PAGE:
In only 90 seconds, a fire in the Station nightclub killed 100 people and injured hundreds more. It would take nearly 20 years to find out why—and who was really at fault.
2021 New England Society Book Award Winner for Contemporary Nonfiction
All it took for a hundred people to die during a show by the hair metal band Great White was a sudden burst from four giant sparklers that ignited the acoustical foam lining the Station nightclub. But who was at fault? And who would pay? This being Rhode Island, the two questions wouldn't necessarily have the same answer.
Within 24 hours the governor of Rhode Island and the local police chief were calling for criminal charges, although the investigation had barely begun, key evidence still needed to be gathered, and many of the victims hadn't been identified. Though many parties could be held responsible, fingers pointed quickly at the two brothers who owned the club. But were they really to blame? Bestselling author and three-time Emmy Award-winning journalist Scott James investigates all the central figures, including the band's manager and lead singer, the fire inspector, the maker of the acoustical foam, as well as the brothers. Drawing on firsthand accounts, interviews with many involved, and court documents, James explores the rush to judgment about what happened that left the victims and their families, whose stories he also tells, desperate for justice.
Trial By Fire is the heart-wrenching story of the fire's aftermath because while the fire, one of America's deadliest, lasted minutes, the search for the truth would take years.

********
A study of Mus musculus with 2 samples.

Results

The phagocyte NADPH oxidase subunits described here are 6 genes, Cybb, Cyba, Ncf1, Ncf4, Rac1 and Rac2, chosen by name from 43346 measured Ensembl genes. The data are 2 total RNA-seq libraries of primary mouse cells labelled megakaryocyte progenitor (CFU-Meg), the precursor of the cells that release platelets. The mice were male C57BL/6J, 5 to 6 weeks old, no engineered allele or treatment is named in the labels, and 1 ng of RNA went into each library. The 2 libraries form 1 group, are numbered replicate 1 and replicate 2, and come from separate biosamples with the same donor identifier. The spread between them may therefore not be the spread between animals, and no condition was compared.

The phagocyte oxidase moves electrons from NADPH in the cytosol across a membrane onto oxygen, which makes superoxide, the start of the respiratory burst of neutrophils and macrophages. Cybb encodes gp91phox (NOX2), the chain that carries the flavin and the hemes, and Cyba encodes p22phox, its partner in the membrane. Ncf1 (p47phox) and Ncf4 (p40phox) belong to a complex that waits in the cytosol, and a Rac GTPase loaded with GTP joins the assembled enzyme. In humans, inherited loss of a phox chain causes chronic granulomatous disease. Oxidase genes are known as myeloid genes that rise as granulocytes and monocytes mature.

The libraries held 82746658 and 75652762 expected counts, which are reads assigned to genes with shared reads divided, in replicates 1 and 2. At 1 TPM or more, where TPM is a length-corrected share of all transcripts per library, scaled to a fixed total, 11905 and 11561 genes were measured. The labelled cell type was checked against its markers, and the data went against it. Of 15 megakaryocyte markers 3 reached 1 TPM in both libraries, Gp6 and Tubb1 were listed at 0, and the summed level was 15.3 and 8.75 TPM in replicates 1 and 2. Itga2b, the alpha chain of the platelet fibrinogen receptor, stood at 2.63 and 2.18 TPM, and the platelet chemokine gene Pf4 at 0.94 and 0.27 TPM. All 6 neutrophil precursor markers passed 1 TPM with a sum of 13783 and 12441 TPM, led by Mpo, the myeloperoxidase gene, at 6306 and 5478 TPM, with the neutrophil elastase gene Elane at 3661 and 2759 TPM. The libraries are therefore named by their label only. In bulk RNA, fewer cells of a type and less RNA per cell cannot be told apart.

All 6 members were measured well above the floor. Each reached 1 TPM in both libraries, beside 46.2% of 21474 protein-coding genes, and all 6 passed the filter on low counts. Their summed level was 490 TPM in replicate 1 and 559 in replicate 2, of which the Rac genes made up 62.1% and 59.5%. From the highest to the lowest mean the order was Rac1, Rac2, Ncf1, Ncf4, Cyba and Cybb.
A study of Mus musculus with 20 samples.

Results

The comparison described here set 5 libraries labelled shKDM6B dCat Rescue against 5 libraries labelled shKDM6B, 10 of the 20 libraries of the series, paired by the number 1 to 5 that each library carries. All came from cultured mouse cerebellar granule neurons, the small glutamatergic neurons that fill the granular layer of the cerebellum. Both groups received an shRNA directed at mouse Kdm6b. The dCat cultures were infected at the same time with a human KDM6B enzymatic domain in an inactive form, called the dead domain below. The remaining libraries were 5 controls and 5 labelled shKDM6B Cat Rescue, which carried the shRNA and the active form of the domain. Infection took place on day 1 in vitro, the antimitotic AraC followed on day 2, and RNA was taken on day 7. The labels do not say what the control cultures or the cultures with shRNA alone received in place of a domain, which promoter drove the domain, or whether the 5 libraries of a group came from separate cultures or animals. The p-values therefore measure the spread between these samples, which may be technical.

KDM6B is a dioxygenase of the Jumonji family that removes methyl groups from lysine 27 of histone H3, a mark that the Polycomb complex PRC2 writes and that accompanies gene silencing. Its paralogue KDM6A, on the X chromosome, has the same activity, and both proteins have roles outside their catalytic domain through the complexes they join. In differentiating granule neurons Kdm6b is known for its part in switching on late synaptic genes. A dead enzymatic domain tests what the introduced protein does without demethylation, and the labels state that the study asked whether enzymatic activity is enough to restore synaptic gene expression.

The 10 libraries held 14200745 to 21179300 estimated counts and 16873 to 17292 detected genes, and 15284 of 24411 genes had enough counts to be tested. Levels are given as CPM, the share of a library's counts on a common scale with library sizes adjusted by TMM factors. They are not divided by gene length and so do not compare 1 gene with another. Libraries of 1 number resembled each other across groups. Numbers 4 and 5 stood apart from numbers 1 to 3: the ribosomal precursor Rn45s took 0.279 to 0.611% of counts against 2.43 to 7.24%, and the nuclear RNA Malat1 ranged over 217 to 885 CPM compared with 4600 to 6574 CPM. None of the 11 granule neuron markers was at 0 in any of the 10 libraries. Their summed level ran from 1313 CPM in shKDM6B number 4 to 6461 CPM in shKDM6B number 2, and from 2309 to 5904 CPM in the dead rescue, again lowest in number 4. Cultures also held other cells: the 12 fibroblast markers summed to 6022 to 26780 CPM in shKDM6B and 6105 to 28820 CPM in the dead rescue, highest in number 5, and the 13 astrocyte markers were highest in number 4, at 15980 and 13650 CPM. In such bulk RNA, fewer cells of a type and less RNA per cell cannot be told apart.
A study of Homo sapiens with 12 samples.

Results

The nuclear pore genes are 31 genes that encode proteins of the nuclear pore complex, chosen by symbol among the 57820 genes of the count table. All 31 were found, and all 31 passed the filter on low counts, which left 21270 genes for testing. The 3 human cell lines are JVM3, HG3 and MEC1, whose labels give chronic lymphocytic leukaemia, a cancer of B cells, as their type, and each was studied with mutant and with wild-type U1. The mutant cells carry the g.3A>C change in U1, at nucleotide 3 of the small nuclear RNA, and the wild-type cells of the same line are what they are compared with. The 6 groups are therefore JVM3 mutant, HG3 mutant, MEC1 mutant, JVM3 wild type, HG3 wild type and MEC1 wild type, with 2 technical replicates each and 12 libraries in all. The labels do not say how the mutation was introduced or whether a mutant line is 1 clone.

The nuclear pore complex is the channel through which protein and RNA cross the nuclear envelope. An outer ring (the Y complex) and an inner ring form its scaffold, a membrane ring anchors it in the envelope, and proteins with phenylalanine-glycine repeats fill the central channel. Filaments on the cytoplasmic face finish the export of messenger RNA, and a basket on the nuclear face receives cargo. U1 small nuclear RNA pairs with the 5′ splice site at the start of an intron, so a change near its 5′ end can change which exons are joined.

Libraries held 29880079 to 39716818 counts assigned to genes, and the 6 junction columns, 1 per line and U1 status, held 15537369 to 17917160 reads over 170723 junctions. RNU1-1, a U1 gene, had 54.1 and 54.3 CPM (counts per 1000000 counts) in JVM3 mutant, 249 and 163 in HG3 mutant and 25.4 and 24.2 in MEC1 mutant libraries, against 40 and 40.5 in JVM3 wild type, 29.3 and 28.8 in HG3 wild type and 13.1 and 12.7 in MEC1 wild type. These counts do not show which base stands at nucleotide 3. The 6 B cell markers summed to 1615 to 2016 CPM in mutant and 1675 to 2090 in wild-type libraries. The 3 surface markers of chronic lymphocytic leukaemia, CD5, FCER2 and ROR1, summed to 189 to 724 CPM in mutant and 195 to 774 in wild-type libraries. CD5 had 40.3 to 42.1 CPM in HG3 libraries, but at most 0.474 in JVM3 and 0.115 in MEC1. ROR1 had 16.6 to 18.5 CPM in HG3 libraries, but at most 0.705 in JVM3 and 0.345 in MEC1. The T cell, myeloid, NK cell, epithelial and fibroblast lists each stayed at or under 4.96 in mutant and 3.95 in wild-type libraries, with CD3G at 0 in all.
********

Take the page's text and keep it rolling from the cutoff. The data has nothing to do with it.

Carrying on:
“Scott James examines the harrowing incident by talking to those who were there and directly impacted—augmented with previously unseen documentation that really puts the tragedy into perspective 15 years later.”—David Chiu, Forbes
“Everything you thought you knew about the [Station nightclub] fire is probably wrong….Trial By Fire details the many misconceptions about the blaze….This is not a book simply about uncovering truths. This is about the people whose lives were changed forever by the blaze.”—Mike Kirby, The Sun Chronicle (Attleboro, MA)
"The author’s account is minutely detailed, its technical discussions punctuated by human-interest-story portraits of the victims...An unsettling history of horrific events whose memory is still fresh." —Kirkus Reviews
"James draws on his knowledge of the state’s politics and interviews with the principal players to present a complete, affecting picture of the tragedy’s terrible human cost. This is essential reading for true crime fans." —Publisher's Weekly
"Well-researched and well written... it is well worth reading for true crime fans who are tired of serial killers." —Booklist
“Another example of how investigative reporting can upend official truths.”—Berkeleyside (CA)
"When Scott James tells the tragedy of The Station nightclub fire, he does for Rhode Island what Truman Capote did for Kansas. With new evidence and interviews, he traces the horror that left 100 dead and hundreds more scarred for life, and in James’ new investigation, none are spared. From the judicial system to the media to the club owners and vendors, each is subjected to a reporter’s skepticism, and an insider’s unflinching compassion. This is journalism as it is meant to be." —Raj Patel, New York Times bestselling author of The Value of Nothing
“Trial by Fire sucks you in faster than flames racing across an oil-based ceiling before pulling you into the wrangling and untangling of the aftermath. Scott James’ investigative journalism reads like an Agatha Christie whodunit.” —Pulitzer Prize winning journalist Alex Storozynski, author of The Peasant Prince
“Trial by Fire is an incredible work of investigative writing and storytelling that thankfully never loses sight of the people at the heart of this awful tragedy. This is a story of community, of those that existed prior to the horrific events at The Station Nightclub and those that were born out of it. James brings the proper amount of compassion, skepticism and nuance to construct a narrative that is as engaging as it is, at times, alarming.” —Academy Award winning filmmaker Daniel Lindsay, for best documentary “Undefeated.”